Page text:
I think the "lines [of data]" should be more like "lines [of research]" or maybe [of inquiry] or something. What they mean, I think, is that the approaches from different directions will all converge on one answer. Your "[of data]" seems like not the right editorial insertion.

AFAIK, xenon (and argon too) are nice for this purpose because they're dense liquids with large atomic numbers. This makes nice, big targets for particles to smack into. In addition, their "ionization potentials" are low, which means that it doesn't take much energy to kick an electron away from the nucleus. This makes it easier for scintillations to happen, so you get a better scintillation yield. Argon is cheaper than xenon, but it has the problem that it's likely to be contaminated with the radioactive isotope Ar-39, and radioactive decay causes interfering events of its own.

To add to Blake's comments, the use of liquid targets is also motivated by ideas of scalability - if you want a bigger target, you just make a bigger tank. Things aren't quite that simple, of course - you need to ensure that the big tank is sufficiently low in radioactivity and has sufficient discrimination power to distinguish a dark matter signal from any radioactive backgrounds (e.g. from the glass of the light detectors which line the tank), but the collaborations involved are making excellent progress in these areas.

Argon is much like xenon for these purposes, but requires a significantly larger detector (due to the smaller atomic mass of argon) and should have vastly more discrimination power against backgrounds. The question is the balance between the extra discrimination power and the added radioactivity of the argon itself (though less radioactive sources of argon are being identified).

Very powerful background discrimination is the traditional strength of CDMS (the current world leader) and similar cryogenic detectors, but the construction of a large cryogenic detector array presents substantial challenges of its own.

@Joshua:

I think the idea is that one set of data will exclude a certain range of dark matter parameters, then another set will exclude a different range, and another set another range --- and so on, until there is a very definite, small region of parameter space in which the dark matter particles must be living. Identifying that region will be seen as "detection" in the same way that determining the mass of the top quark counted as "detection."

The neutrino fraction should be 0.001 of the critical density, not 0.001 percent. This is assuming the sum of the three neutrino masses is about 0.05 eV/c^2.


    • Heavy G
      The perfect pick-me-up when gravity gets you down.
      2 oz Tequila
      2 oz Triple sec
      2 oz Rose's sweetened lime juice
      7-Up or Sprite
      Mix tequila, triple sec and lime juice in a shaker and pour into a margarita glass. (Salted rim and ice are optional.) Top off with 7-Up/Sprite and let the weight of the world lift off your shoulders.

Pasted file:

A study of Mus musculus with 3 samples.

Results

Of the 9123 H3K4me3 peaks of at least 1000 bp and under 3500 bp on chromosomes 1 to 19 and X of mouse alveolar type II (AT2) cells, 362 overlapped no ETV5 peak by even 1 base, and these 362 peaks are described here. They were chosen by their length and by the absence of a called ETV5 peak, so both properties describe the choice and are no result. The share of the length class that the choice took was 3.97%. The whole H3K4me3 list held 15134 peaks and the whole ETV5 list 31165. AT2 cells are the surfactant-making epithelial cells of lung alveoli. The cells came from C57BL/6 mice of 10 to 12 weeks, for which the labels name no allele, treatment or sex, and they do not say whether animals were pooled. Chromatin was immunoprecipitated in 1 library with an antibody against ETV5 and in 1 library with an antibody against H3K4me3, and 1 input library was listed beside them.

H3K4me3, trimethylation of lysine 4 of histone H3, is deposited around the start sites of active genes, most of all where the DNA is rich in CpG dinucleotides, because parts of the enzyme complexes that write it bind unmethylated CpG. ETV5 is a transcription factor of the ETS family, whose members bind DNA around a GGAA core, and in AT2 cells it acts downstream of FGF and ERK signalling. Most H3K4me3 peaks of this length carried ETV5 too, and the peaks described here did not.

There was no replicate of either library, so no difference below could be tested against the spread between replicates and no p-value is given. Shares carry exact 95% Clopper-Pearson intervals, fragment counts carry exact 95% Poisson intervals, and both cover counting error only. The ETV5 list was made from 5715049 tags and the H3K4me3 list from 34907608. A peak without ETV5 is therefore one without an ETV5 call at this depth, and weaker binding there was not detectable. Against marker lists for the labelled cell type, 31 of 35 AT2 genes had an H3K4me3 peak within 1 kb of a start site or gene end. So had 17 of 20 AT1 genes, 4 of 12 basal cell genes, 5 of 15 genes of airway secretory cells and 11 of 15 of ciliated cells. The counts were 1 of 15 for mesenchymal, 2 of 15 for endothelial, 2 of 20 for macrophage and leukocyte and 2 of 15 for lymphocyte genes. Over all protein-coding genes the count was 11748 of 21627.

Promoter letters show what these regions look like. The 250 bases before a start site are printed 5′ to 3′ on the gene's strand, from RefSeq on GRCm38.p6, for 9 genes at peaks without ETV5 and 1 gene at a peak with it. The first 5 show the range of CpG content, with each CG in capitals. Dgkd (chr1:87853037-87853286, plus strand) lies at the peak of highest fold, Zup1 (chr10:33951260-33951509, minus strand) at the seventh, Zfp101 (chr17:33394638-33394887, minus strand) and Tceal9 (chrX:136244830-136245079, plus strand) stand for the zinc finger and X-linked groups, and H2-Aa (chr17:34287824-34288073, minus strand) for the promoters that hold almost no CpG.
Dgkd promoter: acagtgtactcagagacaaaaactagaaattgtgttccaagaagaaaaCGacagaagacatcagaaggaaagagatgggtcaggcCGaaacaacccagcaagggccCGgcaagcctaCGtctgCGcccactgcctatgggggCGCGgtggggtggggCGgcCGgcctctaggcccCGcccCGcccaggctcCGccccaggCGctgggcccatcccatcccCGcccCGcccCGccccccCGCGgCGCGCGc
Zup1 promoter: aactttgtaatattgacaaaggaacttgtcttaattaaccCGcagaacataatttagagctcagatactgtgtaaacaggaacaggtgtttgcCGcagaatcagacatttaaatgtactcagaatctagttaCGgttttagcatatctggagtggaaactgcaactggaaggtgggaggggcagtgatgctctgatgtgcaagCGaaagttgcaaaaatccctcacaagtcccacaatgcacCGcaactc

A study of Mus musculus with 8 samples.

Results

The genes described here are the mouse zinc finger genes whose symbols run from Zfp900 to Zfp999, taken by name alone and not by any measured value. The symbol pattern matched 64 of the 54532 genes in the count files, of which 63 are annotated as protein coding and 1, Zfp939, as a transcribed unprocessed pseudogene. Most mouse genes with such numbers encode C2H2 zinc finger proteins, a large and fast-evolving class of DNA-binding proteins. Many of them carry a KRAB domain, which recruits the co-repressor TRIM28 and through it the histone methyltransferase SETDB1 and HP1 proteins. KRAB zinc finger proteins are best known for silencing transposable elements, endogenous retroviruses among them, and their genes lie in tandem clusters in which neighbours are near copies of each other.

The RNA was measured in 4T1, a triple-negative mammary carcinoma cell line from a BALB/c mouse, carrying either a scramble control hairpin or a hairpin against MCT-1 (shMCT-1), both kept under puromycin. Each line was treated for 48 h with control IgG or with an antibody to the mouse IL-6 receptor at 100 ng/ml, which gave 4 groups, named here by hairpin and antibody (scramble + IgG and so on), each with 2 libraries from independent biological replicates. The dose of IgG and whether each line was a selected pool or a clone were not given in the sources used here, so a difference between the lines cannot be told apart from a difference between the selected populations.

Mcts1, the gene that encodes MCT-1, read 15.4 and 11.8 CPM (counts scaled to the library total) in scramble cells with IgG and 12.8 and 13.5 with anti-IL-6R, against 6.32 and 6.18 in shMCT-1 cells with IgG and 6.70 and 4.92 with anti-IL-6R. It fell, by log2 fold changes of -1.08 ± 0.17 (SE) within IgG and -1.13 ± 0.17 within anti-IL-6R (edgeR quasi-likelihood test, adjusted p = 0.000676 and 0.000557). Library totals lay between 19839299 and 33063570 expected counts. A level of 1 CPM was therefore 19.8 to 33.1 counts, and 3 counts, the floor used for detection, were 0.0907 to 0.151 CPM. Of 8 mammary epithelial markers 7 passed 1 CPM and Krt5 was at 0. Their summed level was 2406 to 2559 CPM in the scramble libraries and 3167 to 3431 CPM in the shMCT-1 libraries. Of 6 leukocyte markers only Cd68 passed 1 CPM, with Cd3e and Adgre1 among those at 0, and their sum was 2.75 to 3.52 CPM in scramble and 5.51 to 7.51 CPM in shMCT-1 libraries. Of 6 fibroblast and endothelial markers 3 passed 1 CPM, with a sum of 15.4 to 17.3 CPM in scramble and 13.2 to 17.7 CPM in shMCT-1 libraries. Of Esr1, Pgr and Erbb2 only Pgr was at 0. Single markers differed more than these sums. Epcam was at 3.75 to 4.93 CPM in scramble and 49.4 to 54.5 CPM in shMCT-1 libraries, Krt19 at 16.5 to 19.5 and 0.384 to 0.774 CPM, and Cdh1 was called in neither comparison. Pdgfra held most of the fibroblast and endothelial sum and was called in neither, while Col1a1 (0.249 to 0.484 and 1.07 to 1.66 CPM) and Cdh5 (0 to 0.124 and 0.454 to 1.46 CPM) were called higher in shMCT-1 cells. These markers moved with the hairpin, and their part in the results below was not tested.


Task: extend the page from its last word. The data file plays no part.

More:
• Listening to the Drums of Feynman
      The perfect nightcap after a long day struggling with QED equations.
      1 oz dark rum
      1/2 oz light rum
      1 oz Tia Maria
      2 oz light cream
      Crushed ice
      1/8 tsp ground nutmeg
      In a shaker half-filled with ice, combine the dark and light rum, Tia Maria, and cream. Shake well. Strain into an old fashioned glass almost filled with crushed ice. Dust with the nutmeg, and serve. Bongos optional.
    • Combustible Edison
      Electrify your friends with amazing pyrotechnics!
      2 oz brandy
      1 oz Campari
      1 oz fresh lemon juice
      Combine Campari and lemon juice in shaker filled with cracked ice. Shake and strain into chilled cocktail glass. Heat brandy in chafing dish, then ignite and pour into glass. Cocktail Go BOOM! Plus, Fire = Pretty!
    • Hiroshima Bomber
      Dr. Strangelove's drink of choice.
      3/4 Triple sec
      1/4 oz Bailey's Irish Cream
      2-3 drops Grenadine
      Fill shot glass 3/4 with Triple Sec. Layer Bailey's on top. Drop Grenadine in center of shot; it should billow up like a mushroom cloud. Remember to "duck and cover."
    • Mad Scientist
      Any mad scientist will tell you that flames make drinking more fun. What good is science if no one gets hurt?
      1 oz Midori melon liqueur
      1-1/2 oz sour mix
      1 splash soda water
      151 proof rum
      Mix melon liqueur, sour mix and soda water with ice in shaker. Shake and strain into martini glass. Top with rum and ignite. Try to take over the world.
    • Laser Beam
      Warning: may result in amplified stimulated emission.
      1 oz Southern Comfort
      1/2 oz Amaretto
      1/2 oz sloe gin
      1/2 oz vodka
      1/2 oz Triple sec
      7 oz orange juice
      Combine all liquor in a full glass of ice. Shake well. Garnish with orange and cherry. Serve to attractive target of choice.
    • Quantum Theory
      Guaranteed to collapse your wave function:
      3/4 oz Rum
      1/2 oz Strega
      1/4 oz Grand Marnier
      2 oz Pineapple juice
      Fill with Sweet and sour
      Pour rum, strega and Grand Marnier into a collins glass. Add pineapple and fill with sweet and sour. Sip until all the day's super-positioned states disappear.
    • The Black Hole
      So called because after one of these, you have already passed the event horizon of inebriation.
      1 oz. Kahlua
      1 oz. vodka
      .5 oz. Cointreau or Triple Sec
      .5 oz. dark rum
      .5 oz. Amaretto
      Pour into an old-fashioned glass over (scant) ice. Stir gently. Watch time slow.